Saturday, October 29, 2016

Saturday Morning Links

Assorted content for your weekend reading.

- The Star's editorial board writes that while we can do more to provide supports to make workers less dependent on a single job, we shouldn't pretend there's nothing we can do to improve working conditions. And Lana Payne reminds Morneau and the Libs that there's nothing inevitable about increasingly precarious work:
Precarious and insecure work is not inevitable. Changing this outcome is also not impossible.

How can government create the conditions for good jobs to grow?

A $15-an-hour minimum wage, including in the federal sector, would help tens of thousands of workers. The federal Liberals could do that tomorrow simply by introducing a piece of legislation.

Let’s start with a committee — an advisory committee on ending precarious work. Its job will be to recommend to the federal government ways and means it can make a difference in the working lives of young people by taking the problem of precarious work head on.

Let’s get some ideas out there. In fact there are already tons of ideas being generated by unions, workers’ action groups, advocacy organizations, labour market economists and others who believe good jobs, stable jobs are critical to lifting people up. Let’s look at the incredible work already done in Ontario around the changing workplace review.

We could also do as Sen. Diane Bellemare is suggesting and have a national conversation on full employment.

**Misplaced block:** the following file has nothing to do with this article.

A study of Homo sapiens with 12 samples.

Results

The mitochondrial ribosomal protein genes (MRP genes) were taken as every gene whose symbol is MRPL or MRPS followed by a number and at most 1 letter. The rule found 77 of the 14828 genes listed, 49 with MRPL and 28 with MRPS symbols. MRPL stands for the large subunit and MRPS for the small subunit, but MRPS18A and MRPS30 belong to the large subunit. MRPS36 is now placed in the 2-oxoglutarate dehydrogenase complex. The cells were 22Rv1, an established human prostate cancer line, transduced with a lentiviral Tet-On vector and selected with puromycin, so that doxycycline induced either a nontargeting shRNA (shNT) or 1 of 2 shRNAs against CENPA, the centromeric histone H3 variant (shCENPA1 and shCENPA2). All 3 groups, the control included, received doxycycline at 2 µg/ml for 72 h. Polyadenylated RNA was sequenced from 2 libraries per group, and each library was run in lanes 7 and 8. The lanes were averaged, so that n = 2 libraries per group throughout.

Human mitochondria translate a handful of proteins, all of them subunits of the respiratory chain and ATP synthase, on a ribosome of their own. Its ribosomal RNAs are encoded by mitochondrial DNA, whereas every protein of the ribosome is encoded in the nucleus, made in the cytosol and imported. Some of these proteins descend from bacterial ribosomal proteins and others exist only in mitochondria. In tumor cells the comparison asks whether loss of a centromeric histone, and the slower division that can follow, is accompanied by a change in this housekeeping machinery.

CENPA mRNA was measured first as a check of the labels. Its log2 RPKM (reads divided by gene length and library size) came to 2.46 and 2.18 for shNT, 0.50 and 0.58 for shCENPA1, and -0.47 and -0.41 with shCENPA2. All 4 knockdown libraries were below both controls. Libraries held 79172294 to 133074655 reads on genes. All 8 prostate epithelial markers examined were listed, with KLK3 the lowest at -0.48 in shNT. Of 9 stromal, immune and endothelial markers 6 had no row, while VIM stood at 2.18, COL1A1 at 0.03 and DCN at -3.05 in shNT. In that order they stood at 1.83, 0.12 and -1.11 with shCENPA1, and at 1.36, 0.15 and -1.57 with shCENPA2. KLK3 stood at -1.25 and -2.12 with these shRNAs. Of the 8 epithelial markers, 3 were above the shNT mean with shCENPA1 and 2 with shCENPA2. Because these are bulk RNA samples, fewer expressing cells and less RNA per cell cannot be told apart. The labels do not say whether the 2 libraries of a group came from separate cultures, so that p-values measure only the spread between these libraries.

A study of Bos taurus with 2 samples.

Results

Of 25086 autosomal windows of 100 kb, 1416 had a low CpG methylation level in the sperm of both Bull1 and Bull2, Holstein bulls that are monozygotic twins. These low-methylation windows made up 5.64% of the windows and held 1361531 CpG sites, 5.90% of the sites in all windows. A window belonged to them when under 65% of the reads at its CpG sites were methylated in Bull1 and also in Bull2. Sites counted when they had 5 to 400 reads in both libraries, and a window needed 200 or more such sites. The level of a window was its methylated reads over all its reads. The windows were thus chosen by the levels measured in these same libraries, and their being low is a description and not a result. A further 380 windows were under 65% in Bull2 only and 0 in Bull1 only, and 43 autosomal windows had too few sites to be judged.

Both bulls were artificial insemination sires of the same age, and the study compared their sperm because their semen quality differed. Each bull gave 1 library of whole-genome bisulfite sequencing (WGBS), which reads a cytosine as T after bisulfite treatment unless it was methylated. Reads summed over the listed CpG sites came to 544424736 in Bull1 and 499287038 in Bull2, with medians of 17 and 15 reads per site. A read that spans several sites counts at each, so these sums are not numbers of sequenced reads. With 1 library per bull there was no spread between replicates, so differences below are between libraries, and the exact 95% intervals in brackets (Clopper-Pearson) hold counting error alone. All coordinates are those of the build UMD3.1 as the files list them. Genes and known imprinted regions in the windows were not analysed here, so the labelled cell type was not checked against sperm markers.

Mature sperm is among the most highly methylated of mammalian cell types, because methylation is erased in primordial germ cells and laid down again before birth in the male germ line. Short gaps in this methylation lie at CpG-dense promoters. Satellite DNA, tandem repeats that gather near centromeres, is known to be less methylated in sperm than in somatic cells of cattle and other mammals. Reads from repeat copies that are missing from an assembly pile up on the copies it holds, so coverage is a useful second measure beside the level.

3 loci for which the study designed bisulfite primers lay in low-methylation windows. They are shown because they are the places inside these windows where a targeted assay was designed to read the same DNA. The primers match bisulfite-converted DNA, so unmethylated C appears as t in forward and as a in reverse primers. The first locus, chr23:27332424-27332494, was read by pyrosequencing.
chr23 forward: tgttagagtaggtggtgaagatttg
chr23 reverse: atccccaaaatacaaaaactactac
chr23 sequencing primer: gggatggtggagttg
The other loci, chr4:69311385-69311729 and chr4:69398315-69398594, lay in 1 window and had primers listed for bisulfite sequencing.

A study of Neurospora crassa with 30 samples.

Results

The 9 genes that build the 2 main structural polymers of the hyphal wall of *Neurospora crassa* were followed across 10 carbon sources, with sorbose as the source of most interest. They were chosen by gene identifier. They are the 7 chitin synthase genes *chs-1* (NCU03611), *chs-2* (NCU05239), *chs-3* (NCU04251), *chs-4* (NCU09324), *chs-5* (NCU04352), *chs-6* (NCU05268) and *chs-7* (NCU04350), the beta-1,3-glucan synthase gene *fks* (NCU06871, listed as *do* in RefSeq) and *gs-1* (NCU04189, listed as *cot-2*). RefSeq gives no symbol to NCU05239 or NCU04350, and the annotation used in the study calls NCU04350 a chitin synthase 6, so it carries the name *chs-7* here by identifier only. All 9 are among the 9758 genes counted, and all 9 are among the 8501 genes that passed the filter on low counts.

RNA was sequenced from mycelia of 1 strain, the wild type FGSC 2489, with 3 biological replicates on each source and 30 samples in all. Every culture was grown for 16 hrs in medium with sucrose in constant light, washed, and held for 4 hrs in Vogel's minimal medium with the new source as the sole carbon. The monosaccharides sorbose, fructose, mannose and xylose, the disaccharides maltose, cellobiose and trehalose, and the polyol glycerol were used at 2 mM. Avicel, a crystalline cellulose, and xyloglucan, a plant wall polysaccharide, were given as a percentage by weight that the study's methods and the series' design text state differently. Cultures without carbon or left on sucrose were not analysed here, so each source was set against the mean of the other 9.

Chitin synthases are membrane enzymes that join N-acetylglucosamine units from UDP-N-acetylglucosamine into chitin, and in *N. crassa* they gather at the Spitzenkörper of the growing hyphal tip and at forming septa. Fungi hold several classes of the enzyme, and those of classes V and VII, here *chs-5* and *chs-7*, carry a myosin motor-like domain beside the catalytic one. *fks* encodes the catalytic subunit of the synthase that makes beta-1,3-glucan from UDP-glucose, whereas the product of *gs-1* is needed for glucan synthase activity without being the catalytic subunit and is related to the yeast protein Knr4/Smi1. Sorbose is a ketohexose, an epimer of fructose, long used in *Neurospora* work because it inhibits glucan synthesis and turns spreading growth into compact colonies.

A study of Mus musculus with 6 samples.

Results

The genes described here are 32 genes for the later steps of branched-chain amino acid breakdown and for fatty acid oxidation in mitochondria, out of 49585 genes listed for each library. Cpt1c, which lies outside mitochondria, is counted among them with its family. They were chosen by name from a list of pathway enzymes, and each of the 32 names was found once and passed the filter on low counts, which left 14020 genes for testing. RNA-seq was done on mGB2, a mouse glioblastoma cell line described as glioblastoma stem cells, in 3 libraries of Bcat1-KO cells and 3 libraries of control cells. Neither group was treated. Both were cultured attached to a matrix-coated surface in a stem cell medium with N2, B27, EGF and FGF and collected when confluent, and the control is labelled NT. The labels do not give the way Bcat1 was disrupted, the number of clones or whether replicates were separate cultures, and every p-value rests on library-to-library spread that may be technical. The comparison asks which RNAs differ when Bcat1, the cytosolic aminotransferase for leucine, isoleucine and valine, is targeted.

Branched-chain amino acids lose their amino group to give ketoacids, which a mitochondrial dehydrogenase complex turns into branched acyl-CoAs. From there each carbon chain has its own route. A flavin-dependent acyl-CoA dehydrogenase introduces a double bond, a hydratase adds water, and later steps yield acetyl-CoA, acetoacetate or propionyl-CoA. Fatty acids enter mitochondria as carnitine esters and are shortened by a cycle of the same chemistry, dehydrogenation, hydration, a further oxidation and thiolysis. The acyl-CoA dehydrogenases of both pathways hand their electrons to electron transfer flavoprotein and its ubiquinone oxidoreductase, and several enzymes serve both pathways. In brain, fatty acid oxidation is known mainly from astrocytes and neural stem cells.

Let’s not assume that young people are destined to be the most educated cohort in history, but will be worse off than their parents are because we have given up.
- Andrew Jackson offers his take on the Libs' apparent plans to fund massive amounts of P3 infrastructure through a private bank, and concludes it would do nothing to assist the public interest.

- Gary Mason discusses how British Columbia's lax fund-raising rules (which mirror Saskatchewan's) represent an affront to democracy. Justin Ling reports on the federal Libs' constant pay-for-play fund-raisers, while Robert Fife and Steven Chase report on a much-needed investigation into the practice. And Martin Regg Cohn notes that the Ontario Libs' reaction to a provincial consensus that pay-for-play should be illegal has to go on one last multi-million dollar corporate shakedown spree.

- Finally, Fair Vote Canada highlights how the results of Parliament's electoral reform consultations are strongly in favour of a shift to proportional representation. But Alison finds yet another galling example of the Libs - in this case Maryam Monsef - trying to pretend otherwise by disqualifying PR supporters from any conversation.


  1. Jackson misses a point, at that: In my opinion, if there is tons of "patient capital" hanging about unable to find anywhere to invest profitably, this is a sign that the government isn't taxing the owners of that capital enough. If the rich and corporations can't find anything useful to do with their money, the public interest certainly can.